There really is no difference
- November 1, 2005
A friend of mine from Chicago visited me the other day, with her cute little daughter Varsha. She had first seen Varsha in Pune, at an orphanage, when she was less than a year old. But the bureaucratic process had made it so difficult for her to adopt, that she could actually get Varsha only after she turned 2.
Neena told me how difficult it was for her to pull the little child away from the ayas (caretakers) at the orphanage, and how both, she and Varsha had howled (for different reasons of course) when the moment arrived. Obviously, Varsha hated being in the arms of this absolute stranger and Neena hated being the cause of all the pain that was being inflicted on this frail and vulnerable child. Hearing all the stories I was trying to imagine the situation. The reason why I found it so difficult to picture this was that the scenario in front of me was totally different – In only in 3 days, Neena had become the centre of Varsha’s universe and vise versa. The little girl clung onto her mother, as if to never let go! Does it take so little time to become inseparable? This environment activist friend whose life was work, work and more work, was suddenly surrounded by diapers and toys and most of all her bundle of Joy. Varsha would not leave her for a second and Neena was thrilled about it!
I have been thinking of adoption as a concept for many years now and have often considered adopting a little angel myself. And more recently, my husband and I have been working on a few scripts for a PSA (Public Service Ad) on adoption. We’ve been discussing the triggers and mindblocks that surround it. So it was synchronistical that Neena dropped by with her little Varsha, and shared all the experiences she had gone through ever since she began thinking of adopting.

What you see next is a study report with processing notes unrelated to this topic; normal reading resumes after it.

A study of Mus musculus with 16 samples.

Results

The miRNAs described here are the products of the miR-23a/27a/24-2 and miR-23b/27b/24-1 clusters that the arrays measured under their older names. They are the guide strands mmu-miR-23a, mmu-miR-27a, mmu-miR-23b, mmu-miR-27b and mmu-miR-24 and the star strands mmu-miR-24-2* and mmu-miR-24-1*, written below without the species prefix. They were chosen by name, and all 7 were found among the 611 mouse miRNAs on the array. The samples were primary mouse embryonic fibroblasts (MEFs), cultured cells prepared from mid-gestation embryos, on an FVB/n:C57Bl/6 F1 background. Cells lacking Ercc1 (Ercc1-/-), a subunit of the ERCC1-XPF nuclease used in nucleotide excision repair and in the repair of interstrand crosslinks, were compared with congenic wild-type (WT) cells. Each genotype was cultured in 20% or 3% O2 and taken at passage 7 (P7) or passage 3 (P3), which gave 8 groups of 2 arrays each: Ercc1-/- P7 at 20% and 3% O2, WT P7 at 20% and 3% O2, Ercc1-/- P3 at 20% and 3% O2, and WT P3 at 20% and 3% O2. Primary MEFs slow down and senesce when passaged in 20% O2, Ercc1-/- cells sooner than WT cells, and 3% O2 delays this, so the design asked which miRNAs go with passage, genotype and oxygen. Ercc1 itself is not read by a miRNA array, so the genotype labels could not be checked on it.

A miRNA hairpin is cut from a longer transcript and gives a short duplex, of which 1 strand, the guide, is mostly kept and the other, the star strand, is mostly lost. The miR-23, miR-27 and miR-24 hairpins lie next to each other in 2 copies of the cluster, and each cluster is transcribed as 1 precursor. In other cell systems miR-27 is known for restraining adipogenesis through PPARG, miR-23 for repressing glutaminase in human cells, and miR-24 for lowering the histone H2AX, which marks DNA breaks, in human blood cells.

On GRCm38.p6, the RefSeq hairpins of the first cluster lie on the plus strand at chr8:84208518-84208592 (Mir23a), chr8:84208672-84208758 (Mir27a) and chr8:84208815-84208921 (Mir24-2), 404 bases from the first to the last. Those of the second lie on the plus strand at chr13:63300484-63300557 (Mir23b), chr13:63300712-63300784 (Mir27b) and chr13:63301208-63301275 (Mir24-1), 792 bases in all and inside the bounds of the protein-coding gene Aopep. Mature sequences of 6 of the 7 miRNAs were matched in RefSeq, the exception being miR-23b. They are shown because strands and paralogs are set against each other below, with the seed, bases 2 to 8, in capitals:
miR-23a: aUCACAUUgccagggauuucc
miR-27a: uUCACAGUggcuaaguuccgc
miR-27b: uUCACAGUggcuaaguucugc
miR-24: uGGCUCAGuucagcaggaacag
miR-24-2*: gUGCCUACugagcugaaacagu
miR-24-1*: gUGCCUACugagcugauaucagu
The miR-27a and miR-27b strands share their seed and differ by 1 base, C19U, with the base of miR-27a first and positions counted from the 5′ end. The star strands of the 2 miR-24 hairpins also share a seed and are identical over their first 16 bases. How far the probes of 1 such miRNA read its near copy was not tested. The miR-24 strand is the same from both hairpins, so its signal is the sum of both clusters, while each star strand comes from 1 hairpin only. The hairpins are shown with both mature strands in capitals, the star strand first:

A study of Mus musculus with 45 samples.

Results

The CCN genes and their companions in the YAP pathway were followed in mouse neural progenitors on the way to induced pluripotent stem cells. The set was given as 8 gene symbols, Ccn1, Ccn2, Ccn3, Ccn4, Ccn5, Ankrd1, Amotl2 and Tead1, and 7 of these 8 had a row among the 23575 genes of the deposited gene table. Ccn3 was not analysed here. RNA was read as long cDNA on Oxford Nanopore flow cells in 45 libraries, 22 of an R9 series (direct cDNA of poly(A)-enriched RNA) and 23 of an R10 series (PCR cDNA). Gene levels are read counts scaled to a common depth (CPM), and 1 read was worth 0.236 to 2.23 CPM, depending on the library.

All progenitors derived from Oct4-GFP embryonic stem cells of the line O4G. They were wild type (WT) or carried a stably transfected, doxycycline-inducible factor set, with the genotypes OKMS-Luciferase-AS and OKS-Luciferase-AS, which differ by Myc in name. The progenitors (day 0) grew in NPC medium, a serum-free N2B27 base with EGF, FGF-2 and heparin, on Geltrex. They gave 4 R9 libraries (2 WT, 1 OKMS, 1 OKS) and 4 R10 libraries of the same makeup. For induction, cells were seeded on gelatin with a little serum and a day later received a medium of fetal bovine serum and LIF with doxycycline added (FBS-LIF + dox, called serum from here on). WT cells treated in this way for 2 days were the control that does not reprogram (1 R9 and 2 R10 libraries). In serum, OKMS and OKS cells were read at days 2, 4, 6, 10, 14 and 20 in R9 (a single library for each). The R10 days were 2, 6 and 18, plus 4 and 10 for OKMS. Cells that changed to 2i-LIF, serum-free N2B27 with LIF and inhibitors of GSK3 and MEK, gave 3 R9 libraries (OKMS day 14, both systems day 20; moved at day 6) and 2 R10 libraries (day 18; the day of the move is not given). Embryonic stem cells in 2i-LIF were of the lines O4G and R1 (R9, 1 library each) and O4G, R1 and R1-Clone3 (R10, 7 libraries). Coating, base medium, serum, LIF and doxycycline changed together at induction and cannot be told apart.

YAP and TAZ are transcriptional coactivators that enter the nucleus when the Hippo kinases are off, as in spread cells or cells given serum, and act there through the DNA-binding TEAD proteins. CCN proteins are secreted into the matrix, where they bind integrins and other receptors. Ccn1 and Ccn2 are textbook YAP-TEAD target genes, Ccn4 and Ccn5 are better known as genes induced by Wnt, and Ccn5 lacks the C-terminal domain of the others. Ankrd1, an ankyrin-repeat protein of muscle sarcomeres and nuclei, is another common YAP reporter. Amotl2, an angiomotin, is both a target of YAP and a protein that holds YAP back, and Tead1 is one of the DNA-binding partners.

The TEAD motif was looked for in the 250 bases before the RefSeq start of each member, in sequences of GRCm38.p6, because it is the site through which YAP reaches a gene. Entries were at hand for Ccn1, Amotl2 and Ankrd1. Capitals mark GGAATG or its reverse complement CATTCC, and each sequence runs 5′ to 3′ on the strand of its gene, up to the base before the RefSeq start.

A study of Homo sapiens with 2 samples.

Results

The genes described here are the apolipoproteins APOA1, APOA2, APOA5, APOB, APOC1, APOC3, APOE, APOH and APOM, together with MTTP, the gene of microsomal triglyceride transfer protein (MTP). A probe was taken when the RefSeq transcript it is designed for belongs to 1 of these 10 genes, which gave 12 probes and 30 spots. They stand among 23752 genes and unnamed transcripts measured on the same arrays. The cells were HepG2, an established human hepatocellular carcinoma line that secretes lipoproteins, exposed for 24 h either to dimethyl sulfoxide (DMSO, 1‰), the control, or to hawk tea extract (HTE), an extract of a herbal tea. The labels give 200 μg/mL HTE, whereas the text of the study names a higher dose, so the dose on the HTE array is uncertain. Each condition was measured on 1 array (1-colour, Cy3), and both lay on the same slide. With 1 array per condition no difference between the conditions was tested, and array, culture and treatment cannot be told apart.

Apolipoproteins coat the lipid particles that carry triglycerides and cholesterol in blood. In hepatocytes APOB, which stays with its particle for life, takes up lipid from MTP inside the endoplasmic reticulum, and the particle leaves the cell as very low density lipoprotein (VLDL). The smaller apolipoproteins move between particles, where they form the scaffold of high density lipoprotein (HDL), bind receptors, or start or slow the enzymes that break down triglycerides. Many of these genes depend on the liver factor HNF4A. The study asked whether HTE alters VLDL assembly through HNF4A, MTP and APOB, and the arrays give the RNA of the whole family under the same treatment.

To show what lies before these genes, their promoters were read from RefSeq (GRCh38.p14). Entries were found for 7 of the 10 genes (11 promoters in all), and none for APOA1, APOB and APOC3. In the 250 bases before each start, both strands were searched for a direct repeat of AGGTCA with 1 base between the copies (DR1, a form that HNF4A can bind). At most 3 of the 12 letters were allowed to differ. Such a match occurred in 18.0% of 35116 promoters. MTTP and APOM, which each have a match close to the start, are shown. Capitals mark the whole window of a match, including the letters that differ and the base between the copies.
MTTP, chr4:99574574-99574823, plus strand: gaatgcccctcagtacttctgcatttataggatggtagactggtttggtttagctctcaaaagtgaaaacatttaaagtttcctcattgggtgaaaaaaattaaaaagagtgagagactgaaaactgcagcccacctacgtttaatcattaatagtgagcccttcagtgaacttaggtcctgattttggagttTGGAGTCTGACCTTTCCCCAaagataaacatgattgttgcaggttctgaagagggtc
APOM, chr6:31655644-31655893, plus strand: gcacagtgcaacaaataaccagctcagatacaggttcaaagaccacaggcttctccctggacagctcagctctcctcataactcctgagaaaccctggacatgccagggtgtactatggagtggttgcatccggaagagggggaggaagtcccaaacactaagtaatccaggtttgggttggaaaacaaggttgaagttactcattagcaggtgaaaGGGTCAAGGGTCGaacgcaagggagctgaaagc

Unquestionably, the joy of having a child is unparalleled and occupies paramount importance in the minds of most adults (not only married couples but also potential single parents). Only a small percentage of this universe, however, ‘considers’ adoption as a meaningful alternative. Fewer still, end up taking the first step, that of calling an adoption agency, and a miniscule fraction finally end up adopting.
I can at least speak of India; here adopting a child is both a difficult decision and a difficult process. Numerous psychological, social and legal blocks pose as hurdles in the path to adoption. Looking at the insights gained from exploring the psyche of potential parents during our research, we realized that the main trigger is the desire to have a child and be a parent. Often the blocks to adopt are whether the child would truly become theirs- in look, behaviour, attitude etc. There is also uncertainty about how the child would turn out to be when he/she grows up. Then, how will other children, friends, relatives react/relate to the child. And lastly how would the child itself, react/relate to foster parents. Little do we realize that parenting per se and the issues around it are not much different in the case of adoption, as in bringing up biological children. The birth process itself is a very very small part of parenting. What makes you a parent is watching a child grow, sharing the good and bad times, playing together, nurturing, and making him/her a whole person.
We know that an adopted child’s character/future is just as uncertain as it is with a biological child. When parents adopt a child they are not doing any social service, they are filling their own lives with all the joys and all the pains of parenting. There really is no difference.
So many abandoned children looking for a loving parent and so many lonely parents seeking joy and fulfillment…can’t they be brought together?